Helpful Surgical Information


    I am a former pediatric nurse and the mother of a child with Left Sided Microtia Atresia. Here are some tips that I have learned over the years to help prepare your child for a hospital visit.

    1. Buy some children’s books about going to the hospital and read them to or with your child.

    a. There a number of book exchange sites online where you can exchange books for free, if you don’t mind used books. My favorite is http://www.paperbackswap.com. Or, try the library, or buy new.

    2. Rent, or buy a DVD about a child going to a hospital and watch it with your child.

    3. Buy a child sized doctor kit and let your child play with it. Or, make your own.

    a . If you know someone in the medical field, they may be able to get you some supplies for free or a reduced cost. A cheap stethoscope, band aides, tongue depressors, syringes (without needles) and ace bandages are good things to put in the kit. I bought my daughter a cheap children’s doctor kit from WalMart and added to it with some supplies of my own.

    4. Arrange a tour of the hospital before your child goes in as a patient.

    a. A hospital which caters mostly to children will probably have some type of prearranged tour, call the hospital, or ask your doctor for help.

    b. If you are at all concerned about what your child might see, or if you are nervous around hospitals, try to get to the hospital first, to take a tour of your own. Then go back and take your child.

    c. Or, if hospitals make you nervous, try and have a trusted friend or relative take your child on a pre-hospitalization tour. And have them take you on a separate tour, if you think that will help.

    d. If you plan a tour on your own, let the hospital know you are coming. They will arrange for your visit to be a pleasant one
    .
    5. A week before going in for surgery, help your child pick out his own pillow and pillow case for his hospital bed.

    a. Keep the pillow and pillowcase wrapped up in plastic until your child is ready to lie his head on it.

    b. Don’t take in white pillow cases. White linen is almost sure to get sent to the hospital laundry and most likely never seen again.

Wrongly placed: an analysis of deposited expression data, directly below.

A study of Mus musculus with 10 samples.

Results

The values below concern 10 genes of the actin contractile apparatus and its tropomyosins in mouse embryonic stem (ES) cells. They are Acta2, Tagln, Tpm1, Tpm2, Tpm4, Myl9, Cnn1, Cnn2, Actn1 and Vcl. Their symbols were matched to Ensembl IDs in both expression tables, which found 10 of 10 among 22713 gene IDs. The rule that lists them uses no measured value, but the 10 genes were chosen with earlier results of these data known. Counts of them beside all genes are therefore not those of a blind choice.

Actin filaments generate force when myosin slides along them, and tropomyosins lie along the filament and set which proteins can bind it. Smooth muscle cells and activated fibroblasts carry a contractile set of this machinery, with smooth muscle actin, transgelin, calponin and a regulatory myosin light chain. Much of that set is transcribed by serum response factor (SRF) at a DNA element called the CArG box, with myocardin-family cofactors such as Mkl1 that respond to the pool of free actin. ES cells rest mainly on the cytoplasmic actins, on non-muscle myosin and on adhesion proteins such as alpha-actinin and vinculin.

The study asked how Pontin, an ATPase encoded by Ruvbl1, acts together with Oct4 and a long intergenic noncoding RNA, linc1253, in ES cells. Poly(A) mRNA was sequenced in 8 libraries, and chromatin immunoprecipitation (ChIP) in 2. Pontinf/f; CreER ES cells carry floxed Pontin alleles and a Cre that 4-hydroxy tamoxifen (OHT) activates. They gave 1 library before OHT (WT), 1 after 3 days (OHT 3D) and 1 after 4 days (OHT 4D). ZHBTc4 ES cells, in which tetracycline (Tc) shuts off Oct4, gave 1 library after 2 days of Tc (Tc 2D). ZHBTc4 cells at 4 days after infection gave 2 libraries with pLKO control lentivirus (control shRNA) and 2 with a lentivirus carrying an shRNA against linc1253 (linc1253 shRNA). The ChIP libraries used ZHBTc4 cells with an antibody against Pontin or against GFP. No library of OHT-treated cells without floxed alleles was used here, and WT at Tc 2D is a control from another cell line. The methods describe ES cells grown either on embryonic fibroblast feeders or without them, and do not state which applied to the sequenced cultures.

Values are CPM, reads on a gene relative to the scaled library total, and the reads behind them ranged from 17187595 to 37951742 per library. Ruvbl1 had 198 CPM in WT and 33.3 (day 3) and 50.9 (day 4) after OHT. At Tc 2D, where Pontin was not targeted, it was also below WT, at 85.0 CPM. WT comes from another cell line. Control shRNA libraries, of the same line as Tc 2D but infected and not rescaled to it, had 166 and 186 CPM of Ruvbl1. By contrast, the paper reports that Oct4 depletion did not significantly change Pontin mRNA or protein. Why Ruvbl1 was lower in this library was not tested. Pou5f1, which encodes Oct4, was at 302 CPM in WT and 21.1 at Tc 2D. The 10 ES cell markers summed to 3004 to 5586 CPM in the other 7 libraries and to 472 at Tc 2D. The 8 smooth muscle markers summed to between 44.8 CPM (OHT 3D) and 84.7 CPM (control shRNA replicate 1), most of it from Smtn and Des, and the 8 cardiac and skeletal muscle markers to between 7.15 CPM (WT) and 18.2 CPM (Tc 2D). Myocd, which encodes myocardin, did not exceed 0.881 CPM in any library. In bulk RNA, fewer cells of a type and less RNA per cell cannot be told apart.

6. Buy your child a new toothbrush to begin using after surgery. If you have the time, let him pick it out.

    7. Before going to the hospital for surgery, help your child pack his suitcase.

    a. Take one or two of his favorite stuffed animals or toys. Do not bring a lot of animals and toys because you will have to keep track of all of this stuff and bring it home. You will probably be stressed and exhausted by the time you come home, so make it easy on yourself. For the same reason, do not bring toys from home that have small parts that will get lost. The hospital will have toys and games for children.

    b. Help him pick out the outfit he plans to come home in. Shirts that button and unbutton are a good idea. Any shirt that pulls over the head is not a good idea. Easy-to-pull on pants, like sweat pants, or even pajama bottoms are a good idea.

    c. Remember that anything you take into the hospital might be lost, vomited on, stooled on, urinated on or get blood on it.

    8. For the most part, I would say don’t bring your other children in to visit the child in the hospital. You are likely to only be there for 1 or 2 days anyway. Make this your special time with the child who is having surgery.

    9. If at all possible, arrange for either yourself or a trusted family friend or relative to be with your child at all times while he is in the hospital.

    a. Do the best you can with this idea. If it is you being the only one there, then go for that. If you need to leave the child’s room for any length of time, be sure and tell the staff so they can watch out for your child while you are not there.

    b. If the child will be in the hospital the entire time by himself, it will be OK. This does happen. The staff understands and they will undoubtedly pay extra attention to your child.

    As a final note, relax. Thousands of children are hospitalized and have surgery all across the country every day and they come out OK and go home and lead normal lives. The hospital staff and doctors are there because they love children and want the best for them. If they didn’t, there is a high demand in all kinds of other hospital jobs and they would be doing something else. You and your child will be in the care of some of the best people in the world. Everything will be OK.